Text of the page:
Are we paying enough attention to our children?

leo battenhausen, annie jennings pr, jenningswire, suicide, teens, parentingIt’s been said that “The best thing you can spend on your children is time,” and according to a recent study by Janice Wood (2012) in How to Recognize Teens at Risk for Self-Harm, this appears to continue to stand the test of “TIME!”

It’s frightening to read statistics that reveal suicide is the third-leading cause of death among teens according to the Center for Disease Control. Third!  This certainly should make anyone shake their head and wonder “What can I do to help prevent this?” Why?  Well, unlike terminal illnesses, drug addiction or car accidents, where many adults most likely feel limited in their abilities, suicide and self-harm prevention truly requires far less “skill” than we may be aware of having!  Sadly, one huge mistake parents and other adults make is the avoidance of just talking to teens about self-harm and suicide because they “don’t know how to help!”  Wow!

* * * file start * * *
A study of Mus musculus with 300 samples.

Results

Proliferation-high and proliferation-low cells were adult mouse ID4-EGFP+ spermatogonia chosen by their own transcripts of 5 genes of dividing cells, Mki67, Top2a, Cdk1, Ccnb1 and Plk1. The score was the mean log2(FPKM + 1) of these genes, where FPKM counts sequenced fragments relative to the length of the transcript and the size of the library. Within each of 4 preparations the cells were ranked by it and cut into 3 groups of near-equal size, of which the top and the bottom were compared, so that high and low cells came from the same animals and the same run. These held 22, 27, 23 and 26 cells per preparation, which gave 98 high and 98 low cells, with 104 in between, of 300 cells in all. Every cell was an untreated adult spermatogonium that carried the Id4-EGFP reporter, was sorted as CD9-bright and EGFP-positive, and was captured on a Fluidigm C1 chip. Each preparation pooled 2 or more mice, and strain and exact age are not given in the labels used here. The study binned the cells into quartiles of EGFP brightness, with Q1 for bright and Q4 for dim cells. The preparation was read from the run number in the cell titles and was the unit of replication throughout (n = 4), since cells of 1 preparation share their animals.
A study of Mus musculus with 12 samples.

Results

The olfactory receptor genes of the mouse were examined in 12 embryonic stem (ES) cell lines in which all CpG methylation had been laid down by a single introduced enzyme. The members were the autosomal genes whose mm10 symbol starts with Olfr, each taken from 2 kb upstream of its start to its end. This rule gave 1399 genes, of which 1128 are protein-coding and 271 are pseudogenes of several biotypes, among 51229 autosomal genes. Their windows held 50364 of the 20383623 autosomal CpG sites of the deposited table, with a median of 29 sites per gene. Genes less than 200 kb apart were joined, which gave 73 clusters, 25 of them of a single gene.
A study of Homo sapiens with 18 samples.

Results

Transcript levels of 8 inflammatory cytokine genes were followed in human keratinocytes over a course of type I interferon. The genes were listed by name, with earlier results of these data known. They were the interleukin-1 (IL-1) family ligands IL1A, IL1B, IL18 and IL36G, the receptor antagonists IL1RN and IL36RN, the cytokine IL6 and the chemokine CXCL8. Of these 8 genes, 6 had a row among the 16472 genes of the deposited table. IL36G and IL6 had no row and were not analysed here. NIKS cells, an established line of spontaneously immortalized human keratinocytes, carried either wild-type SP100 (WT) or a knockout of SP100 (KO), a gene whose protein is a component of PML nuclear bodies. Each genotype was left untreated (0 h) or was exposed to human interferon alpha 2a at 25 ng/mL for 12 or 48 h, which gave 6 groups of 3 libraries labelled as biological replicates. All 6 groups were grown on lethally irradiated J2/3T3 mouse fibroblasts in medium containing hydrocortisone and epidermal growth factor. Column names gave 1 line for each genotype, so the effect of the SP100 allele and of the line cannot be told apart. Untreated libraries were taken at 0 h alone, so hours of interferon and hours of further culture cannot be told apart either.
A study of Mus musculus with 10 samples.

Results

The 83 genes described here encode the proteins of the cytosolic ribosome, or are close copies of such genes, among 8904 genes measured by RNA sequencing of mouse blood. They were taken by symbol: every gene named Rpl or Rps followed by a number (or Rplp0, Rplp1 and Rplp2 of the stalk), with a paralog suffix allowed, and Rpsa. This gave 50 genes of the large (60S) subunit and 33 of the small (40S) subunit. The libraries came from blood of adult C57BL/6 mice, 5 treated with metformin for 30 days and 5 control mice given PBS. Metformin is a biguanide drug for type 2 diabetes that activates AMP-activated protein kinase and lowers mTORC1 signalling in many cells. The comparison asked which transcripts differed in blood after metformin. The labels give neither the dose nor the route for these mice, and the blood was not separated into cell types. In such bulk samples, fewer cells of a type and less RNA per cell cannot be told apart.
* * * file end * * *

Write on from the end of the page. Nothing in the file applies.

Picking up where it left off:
Open the door

We, as parents and adults must realize that we don’t need to solve every single problem our teens go through (and there are many as you may recall!).  However, we are responsible to “open up the door” for non-judgmental discussion with our children about developing better coping mechanisms, and assisting them with finding solutions to their emotional pains.

Remember, adolescents reasoning skills are still “under construction,” and life problems are more times than not much larger to them than to us.  They are obviously seeking escape from what they perceive to be “overwhelming circumstances” in their lives, that are, to them impossible to solve.  Hopelessness and isolation must be monitored closely with teens.

Simply just talking to adolescents about how they feel validates them and lets them feel understood.

While parents are key to improving relations with their teens, they can also get their teens involved with other positive adult influences.

Don’t fear!  You’ll figure out what to say!  Outside professional help (ie: therapy) is also highly recommended.  However, be sure to find the right “match” for your teen!  Some therapists are more adept at working with teens than others!  (Usually ones who are “in-tune” to today’s adolescents, and can gain their trust and rapport!).



Leo Battenhausen is a contributing blogger for JenningsWire.